Force India says the key to its surprise comeback over the second half of 2015 was down to it never taking the easy option and slashing its development costs.
The Silverstone-based outfit had a difficult build-up to last season, with cash flow problems meaning its new car missed the first two tests of the winter.
But despite the delayed start, the introduction of a B-spec car from the British Grand Prix transformed its campaign and helped it to finish a best-ever fifth place in the constructors' championship.
COO Otmar Szafnauer says that the key factor that helped it overcome the odds was in never stopping its development push, even if it could not afford to make the parts it was working on.
"My philosophy has always been that you can't stop developing, because if you stop developing you'll never gain that time back," he told Motorsport.com.
"So we always developed, and we always put the resources in place so that the wind tunnel was going and the CFD was working, and we are testing parts. But what we couldn't do was realise those parts into a real car.
"So the beginning of the season started with parts from the 2014 car, especially at the front, and the rear was the new car. That configuration was never run in a tunnel – so it was a step in to the dark.
"The first configuration that we ran in the tunnel came for Barcelona and then it all came together at Silverstone – since when we were performing.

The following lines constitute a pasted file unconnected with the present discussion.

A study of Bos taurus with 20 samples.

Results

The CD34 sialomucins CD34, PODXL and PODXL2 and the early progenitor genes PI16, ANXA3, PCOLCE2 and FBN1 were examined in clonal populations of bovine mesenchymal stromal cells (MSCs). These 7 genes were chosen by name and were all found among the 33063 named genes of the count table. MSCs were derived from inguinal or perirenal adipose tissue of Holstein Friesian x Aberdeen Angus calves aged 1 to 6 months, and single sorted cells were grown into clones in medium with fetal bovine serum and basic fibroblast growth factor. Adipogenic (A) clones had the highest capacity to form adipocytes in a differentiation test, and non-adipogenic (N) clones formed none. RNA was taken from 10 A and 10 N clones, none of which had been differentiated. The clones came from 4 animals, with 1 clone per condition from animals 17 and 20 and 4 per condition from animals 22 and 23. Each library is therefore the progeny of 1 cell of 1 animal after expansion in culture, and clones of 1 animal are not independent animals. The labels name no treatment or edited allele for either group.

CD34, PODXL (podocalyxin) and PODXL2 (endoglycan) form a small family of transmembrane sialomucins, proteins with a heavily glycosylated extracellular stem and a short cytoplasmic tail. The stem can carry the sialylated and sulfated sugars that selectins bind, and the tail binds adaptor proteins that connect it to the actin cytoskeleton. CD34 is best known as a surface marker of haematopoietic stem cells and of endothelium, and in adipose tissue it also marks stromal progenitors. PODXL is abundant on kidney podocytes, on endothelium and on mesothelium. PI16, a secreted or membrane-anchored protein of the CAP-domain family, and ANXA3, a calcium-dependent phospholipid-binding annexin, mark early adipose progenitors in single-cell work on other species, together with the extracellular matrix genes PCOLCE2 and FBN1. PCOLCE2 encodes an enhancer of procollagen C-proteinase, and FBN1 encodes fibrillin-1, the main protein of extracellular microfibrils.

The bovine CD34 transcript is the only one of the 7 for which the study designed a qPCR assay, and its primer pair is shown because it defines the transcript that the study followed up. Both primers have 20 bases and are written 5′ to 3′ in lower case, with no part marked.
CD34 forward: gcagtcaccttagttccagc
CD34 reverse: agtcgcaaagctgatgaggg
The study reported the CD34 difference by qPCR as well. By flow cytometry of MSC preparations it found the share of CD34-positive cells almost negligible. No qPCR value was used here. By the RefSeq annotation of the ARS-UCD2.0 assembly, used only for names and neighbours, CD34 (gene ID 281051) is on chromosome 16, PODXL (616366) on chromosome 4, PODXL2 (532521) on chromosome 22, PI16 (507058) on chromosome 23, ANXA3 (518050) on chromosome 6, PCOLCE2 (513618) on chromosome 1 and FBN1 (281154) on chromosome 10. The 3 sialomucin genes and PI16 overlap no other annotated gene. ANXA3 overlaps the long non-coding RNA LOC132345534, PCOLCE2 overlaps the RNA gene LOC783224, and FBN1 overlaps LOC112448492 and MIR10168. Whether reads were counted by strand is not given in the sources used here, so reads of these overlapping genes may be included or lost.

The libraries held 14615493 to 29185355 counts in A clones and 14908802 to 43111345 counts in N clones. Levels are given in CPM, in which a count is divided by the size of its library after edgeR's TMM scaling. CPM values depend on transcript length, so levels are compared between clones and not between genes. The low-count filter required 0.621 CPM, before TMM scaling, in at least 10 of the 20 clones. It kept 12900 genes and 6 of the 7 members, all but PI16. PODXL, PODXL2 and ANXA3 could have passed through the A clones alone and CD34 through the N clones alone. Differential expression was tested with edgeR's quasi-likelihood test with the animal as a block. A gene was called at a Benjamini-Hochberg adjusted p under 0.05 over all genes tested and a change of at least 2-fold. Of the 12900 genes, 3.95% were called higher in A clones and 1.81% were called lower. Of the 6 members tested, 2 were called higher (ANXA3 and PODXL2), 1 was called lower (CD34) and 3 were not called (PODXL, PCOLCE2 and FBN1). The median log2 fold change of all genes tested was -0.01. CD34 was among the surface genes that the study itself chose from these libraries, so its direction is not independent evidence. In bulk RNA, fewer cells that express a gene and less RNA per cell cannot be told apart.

"Had we been able to do that at the beginning of the year, who knows where we could have finished? But we struggled at the beginning of the year with performance."
Team spirit important
Szafnauer also thinks that his team has been helped by securing a lot of loyalty from its staff, some of which has been achieved through what he terms 'non-traditional' means.
When asked how Force India was able to keep hold of quality staff, while rivals spent ever bigger bucks, he said: "And they keep taking people from us too!
"We are located in between Red Bull and Mercedes, right in the middle, so it's difficult to keep the right skill set when you've got those types of neighbours.
"So you have to employ strategic and maybe non-traditional techniques to keep them, and that's what we are trying to do.
"You have to make it a good place to work where you are rewarded for your efforts and I think that's something we can do that maybe the others can't."
He added: "If you have 800 people, your slice of the performance becomes smaller than if you have to do a lot.
"And doing a lot, at the end of the day, people feel better about themselves.
"As long as you are moving forward and punching above your weight, everybody feels good. The feel-good factor is what you need in a team.
"I think that's our way of keeping the right skill set as well as extracting the most out of the people we have."